Editors’ note: Women run a higher risk of developing chronic pain than do men, and the reasons for this skewed distribution are undoubtedly complex. Two papers described in this news story adapted from the Alzheimer Research Forum show that estrogen modulates inhibitory synaptic transmission and synaptic potentiation in hippocampal circuits in the brains of female, but not male, rodents. The results raise the question of whether similar mechanisms might be at play in other circuits, including those involved in chronic pain.
15 June 2012. Two recent papers focus on the molecular effects of estrogen in the brain, highlighting sex differences in basic synaptic mechanisms. In the June 7 Neuron, researchers led by Catherine Woolley at Northwestern University, Evanston, Illinois, report that estrogen dampens inhibitory synaptic transmission in female, but not male, rats. Likewise, a group led by Gabriele Rune at University Medical Center Hamburg-Eppendorf, Hamburg, Germany, found that a drug that blocks estrogen synthesis in the brain harms synaptic plasticity in female mice more than in male mice. Their results are described in the June 13 Journal of Neuroscience.
“Together, these papers show that sex differences span all the way from the mechanistic level through to the systems level,” Woolley told Alzforum. The data highlight the importance of taking gender differences into account in basic research, she added.
In their Neuron paper, Woolley and first author Guang Zhe Huang demonstrate that estrogen can have sex-specific effects on brain memory mechanisms. Both male and female brains locally produce a key estrogen, 17β-estradiol, which signals rapidly at synapses and can stimulate excitatory transmission (see Woolley, 2007). Huang and Woolley focused instead on the steroid’s effect on inhibitory synapses. When they added estradiol to rat hippocampal slices, the steroid suppressed inhibitory transmission in about 50 percent of CA1 pyramidal neurons in female tissue, but not in male. The authors dissected the pathway using pharmacological blockers of various molecules, finding that estradiol binds to estrogen receptor α (ERα) in the postsynaptic cell. The neurosteroid and its receptor then appear to interact in some fashion with the glutamate receptor mGluR1, causing a signaling cascade that enhances production of the endocannabinoid anandamide. Anandamide released from the post-synapse feeds back to the pre-synapse, discouraging release of the inhibitory neurotransmitter GABA—but only if the pre-synapse contains the CB1 cannabinoid receptor.
Woolley is currently investigating why this interaction only occurs in females, given that male brains contain all the same molecular players. One possibility is that ERα and mGluR1 are less able to make contact in male brains, perhaps due to altered localization, she speculated. She is also intrigued by the presence of an endocannabinoid in this pathway, as these molecules are known to regulate learning and memory as well as emotional states. Women are twice as likely as men to be diagnosed with anxiety and depression, she pointed out. “We think this effect of endocannabinoids might be important in this sex difference.”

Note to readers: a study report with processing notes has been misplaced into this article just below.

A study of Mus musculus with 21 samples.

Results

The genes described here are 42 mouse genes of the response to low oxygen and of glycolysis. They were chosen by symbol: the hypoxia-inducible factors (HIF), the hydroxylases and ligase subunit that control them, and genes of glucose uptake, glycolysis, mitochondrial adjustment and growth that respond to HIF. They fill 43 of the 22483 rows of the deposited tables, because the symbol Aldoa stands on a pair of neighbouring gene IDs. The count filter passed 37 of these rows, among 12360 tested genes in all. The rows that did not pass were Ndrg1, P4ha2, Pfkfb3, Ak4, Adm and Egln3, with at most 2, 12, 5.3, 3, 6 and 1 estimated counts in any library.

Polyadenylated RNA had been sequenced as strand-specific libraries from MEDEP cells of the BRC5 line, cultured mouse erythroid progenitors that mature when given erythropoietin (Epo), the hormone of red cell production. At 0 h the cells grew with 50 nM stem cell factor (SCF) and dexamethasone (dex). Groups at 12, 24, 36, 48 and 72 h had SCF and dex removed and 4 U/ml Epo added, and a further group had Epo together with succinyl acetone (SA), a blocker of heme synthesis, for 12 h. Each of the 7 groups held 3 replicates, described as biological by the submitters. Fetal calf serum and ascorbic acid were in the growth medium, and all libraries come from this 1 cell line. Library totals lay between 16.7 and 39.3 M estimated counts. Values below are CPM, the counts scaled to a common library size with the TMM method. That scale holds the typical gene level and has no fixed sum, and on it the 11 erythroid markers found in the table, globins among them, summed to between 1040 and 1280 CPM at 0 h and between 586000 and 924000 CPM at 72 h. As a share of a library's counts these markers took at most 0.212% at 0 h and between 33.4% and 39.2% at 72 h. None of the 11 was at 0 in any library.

Woolley noted that the vast majority of basic neuroscience research is done using male animals, because most scientists assume that brain mechanisms are the same in both sexes, except for regions involved in reproduction. These data show that, “There are at least some fundamental molecular mechanisms in the brain that differ between males and females,” Woolley said. “In order to make science and medicine relevant to everyone, we need to be studying both sexes.”
The paper from the German group adds more support for this idea. Rune and colleagues studied an inhibitor of estradiol synthesis, letrozole, which is frequently prescribed to older women with breast cancer and is suspected of causing memory problems in this population (see Shilling et al., 2001; Dowsett et al., 2005; Shilling et al., 2005). To get at the mechanisms that might underlie this, first author Ricardo Vierk treated male and female mice with the drug for up to seven days, then sacrificed the animals and examined their synapses using hippocampal slice cultures. In some experiments, the authors reversed the order, making slice cultures first and then applying letrozole. In females, letrozole treatment dampened and eventually eliminated long-term potentiation (LTP), a form of synaptic plasticity that is essential for learning and memory, and also led to the loss of synapses and spines in the hippocampus. The effects were much milder in males; they experienced only a 20 percent drop in LTP and lost only thin spines. Though the reason for this gender difference is not yet known, it adds to the evidence for sex-specific mechanisms of synaptic plasticity.